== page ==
Julia Dzikiewicz was one of the first artists to move into a studio at the Workhouse Arts Center in Lorton, Va. in 2008. While in her studio one day, the political painter noticed tour groups going past the facility, which used to be a prison. Her research revealed that the jail housed the 1917 suffragists who blocked the sidewalk in front of The White House demanding the right to vote.
“I discovered a part of women’s history that I never knew,” she said. “As I learned about the women who were beaten and put on hunger strikes here, it called out to be told in paint.”
Some of the pieces from her feminism series are on view through Feb. 4 at BlackRock Center for the Arts’ Kay Gallery in Germantown. “Protest to Power” features six encaustic paintings portraying women–including Ida B. Wells, Hillary Clinton and Malala Yousafzai– who have worked hard for their beliefs.
BlackRock gallery director Anne Burton recalled receiving Dzikiewicz’s exhibition proposal last year in response to the BlackRock’s call for submissions. “It was obvious that Julia has a unique technical process in her use of encaustic, but it was also impressive to learn that she chose as subjects women who have historically significant stories that are truly inspiring,” Burton said. “Julia’s intensely colored encaustic artworks are filled with texture, and most also contain elements of relief sculpture.
“She is not just using the ancient method of painting layers of melted wax onto a wood panel, but also adds a modern twist by adorning the surface with sculpted wax shapes which range from water droplets to spiked flames and ruffled-edge flowers to radiant sun forms.”
All the works were created between 2008 and 2016, although it is particularly timely in view of the Jan. 21 Women’s March on Washington, D.C. “With a president(-elect) who openly brags about groping women and calling them various names and with reproductive rights under attack, …there is never a more important time in history to learn what happened in the past and learn ways of peaceful protest to try to affect the future,” Dzikiewicz said.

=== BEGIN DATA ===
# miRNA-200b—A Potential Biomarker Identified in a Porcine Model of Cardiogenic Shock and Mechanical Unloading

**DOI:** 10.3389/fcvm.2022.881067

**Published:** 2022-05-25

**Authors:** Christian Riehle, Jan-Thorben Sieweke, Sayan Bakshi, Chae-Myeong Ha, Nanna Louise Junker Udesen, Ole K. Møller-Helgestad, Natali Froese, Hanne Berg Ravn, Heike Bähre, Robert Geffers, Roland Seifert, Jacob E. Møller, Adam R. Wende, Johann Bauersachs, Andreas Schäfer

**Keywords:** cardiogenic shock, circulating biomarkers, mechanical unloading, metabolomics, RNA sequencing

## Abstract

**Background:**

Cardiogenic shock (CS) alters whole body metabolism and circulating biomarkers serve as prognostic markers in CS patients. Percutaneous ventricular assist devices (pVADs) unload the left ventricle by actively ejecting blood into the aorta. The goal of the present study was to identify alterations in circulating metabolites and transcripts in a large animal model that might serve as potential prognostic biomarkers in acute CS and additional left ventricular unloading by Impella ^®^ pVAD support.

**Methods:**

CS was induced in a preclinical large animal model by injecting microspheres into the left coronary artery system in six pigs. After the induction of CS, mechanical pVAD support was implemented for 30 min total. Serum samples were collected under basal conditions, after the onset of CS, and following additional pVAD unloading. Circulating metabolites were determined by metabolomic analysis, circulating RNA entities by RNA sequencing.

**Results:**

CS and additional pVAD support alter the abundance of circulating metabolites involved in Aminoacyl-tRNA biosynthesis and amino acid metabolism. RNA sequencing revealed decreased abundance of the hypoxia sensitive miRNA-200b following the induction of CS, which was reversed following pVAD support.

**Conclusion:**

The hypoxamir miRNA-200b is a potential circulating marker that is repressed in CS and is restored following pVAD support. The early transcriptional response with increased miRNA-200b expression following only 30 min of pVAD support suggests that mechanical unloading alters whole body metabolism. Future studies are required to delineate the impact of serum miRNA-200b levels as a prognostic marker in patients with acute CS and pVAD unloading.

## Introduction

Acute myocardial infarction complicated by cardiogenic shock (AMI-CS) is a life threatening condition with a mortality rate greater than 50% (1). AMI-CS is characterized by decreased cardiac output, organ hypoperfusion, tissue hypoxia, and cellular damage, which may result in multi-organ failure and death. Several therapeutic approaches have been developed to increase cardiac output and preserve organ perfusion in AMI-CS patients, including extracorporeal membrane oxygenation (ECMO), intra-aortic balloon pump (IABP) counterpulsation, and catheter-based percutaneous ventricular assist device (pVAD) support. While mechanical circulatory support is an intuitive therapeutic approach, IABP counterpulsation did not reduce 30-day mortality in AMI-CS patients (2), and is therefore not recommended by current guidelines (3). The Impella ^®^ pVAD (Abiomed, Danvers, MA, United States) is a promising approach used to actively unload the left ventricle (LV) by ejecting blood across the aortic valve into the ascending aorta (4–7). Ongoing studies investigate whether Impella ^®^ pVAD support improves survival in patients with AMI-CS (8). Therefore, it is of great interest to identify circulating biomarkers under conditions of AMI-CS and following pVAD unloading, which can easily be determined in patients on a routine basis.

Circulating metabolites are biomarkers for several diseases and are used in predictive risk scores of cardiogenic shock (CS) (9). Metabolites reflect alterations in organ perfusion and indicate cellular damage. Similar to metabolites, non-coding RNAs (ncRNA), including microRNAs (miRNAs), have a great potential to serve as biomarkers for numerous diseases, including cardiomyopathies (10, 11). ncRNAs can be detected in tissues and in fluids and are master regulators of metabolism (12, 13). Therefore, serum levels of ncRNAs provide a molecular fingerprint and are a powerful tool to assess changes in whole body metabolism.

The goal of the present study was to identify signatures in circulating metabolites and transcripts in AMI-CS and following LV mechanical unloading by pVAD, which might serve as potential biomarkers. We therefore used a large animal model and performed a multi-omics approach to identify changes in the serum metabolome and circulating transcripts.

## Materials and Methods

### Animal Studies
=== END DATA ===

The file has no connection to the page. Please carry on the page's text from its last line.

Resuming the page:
The portrait of Clinton shows her during her time as Secretary of State. She is tired, standing on a runway. “I wanted to show that, even (for) modern women, that the struggle is not over,” she said. “(Clinton) struck me as someone who just works very hard and never stops. I don’t know her personally, but I know what it is like to work hard for something you believe in. That’s why I depicted her as on her way traveling to yet another country.” The painting also features Wendy Davis, a Texas Democrat who famously thwarted tightening the state’s abortion laws with an 11-hour filibuster in 2013.
Dzikiewicz had planned a second Clinton painting of her winning the presidency as the finale for the series. “This was going to be my triumph painting, so things don’t always go as you plan,” she said.
One of the artist’s favorites is “The Story of the Ham” inspired by “Jailed for Freedom” author Doris Stevens. The book tells of the poor conditions at the jail where the suffragists were held after their protest. The women said they were unfairly arrested, not paying a fee, and if they were not released, they would go on a hunger strike. The warden tried to break the women by having several chefs cook ham in front of them during the strike. “Because he swore no woman could resist the smell of ham,” Dzikiewicz learned in her research. “No woman broke for a piece of ham. The ridiculousness of that story! That they would give up their ideals and their beliefs and their struggle for a small measure of equality in voting rights, I found ridiculous.” The painting portrays a suffragette lying on the bottom with three floating guardian angels using video game characters to blow up the ham slices.
While Dzikiewicz was growing up, her mother was heavily involved in politics. She ran campaigns for various Democratic candidates and was a Virginia delegate in the 1972 election. “I would spend a lot of time helping her silkscreen people’s names to put up on telephone poles,” the artist recalled. From early childhood, she liked to draw, sketching pencil portraits of her cat. “It was a way of expressing myself and my world and my emotions in a safe way.”
After earning a bachelor’s degree in architecture from the University of Virginia, Dzikiewicz married and became a stay-at-home mom. She constantly worked on her art including painting an hour a night, taking classes and getting her work into shows across the country.
“I think I have a dark sense of humor,” she admitted. “I like pulling people into the work with the colors and the glitter and the crystals and having people find something slightly humorous. …I am a storyteller. I love to be able to tell people stories in paint with an emotional charge. It’s something they will stop and look at–and learn the story.”
“Protest to Power” is on view through Feb. 4 at BlackRock Center for the Arts‘ Kay Gallery, 12901 Town Commons Drive, Germantown. Dzikiewicz will be at the gallery at 2 p.m. Feb. 4 for an artist talk and gallery tour. Call 301-528-2260 or visit www.blackrockcenter.org.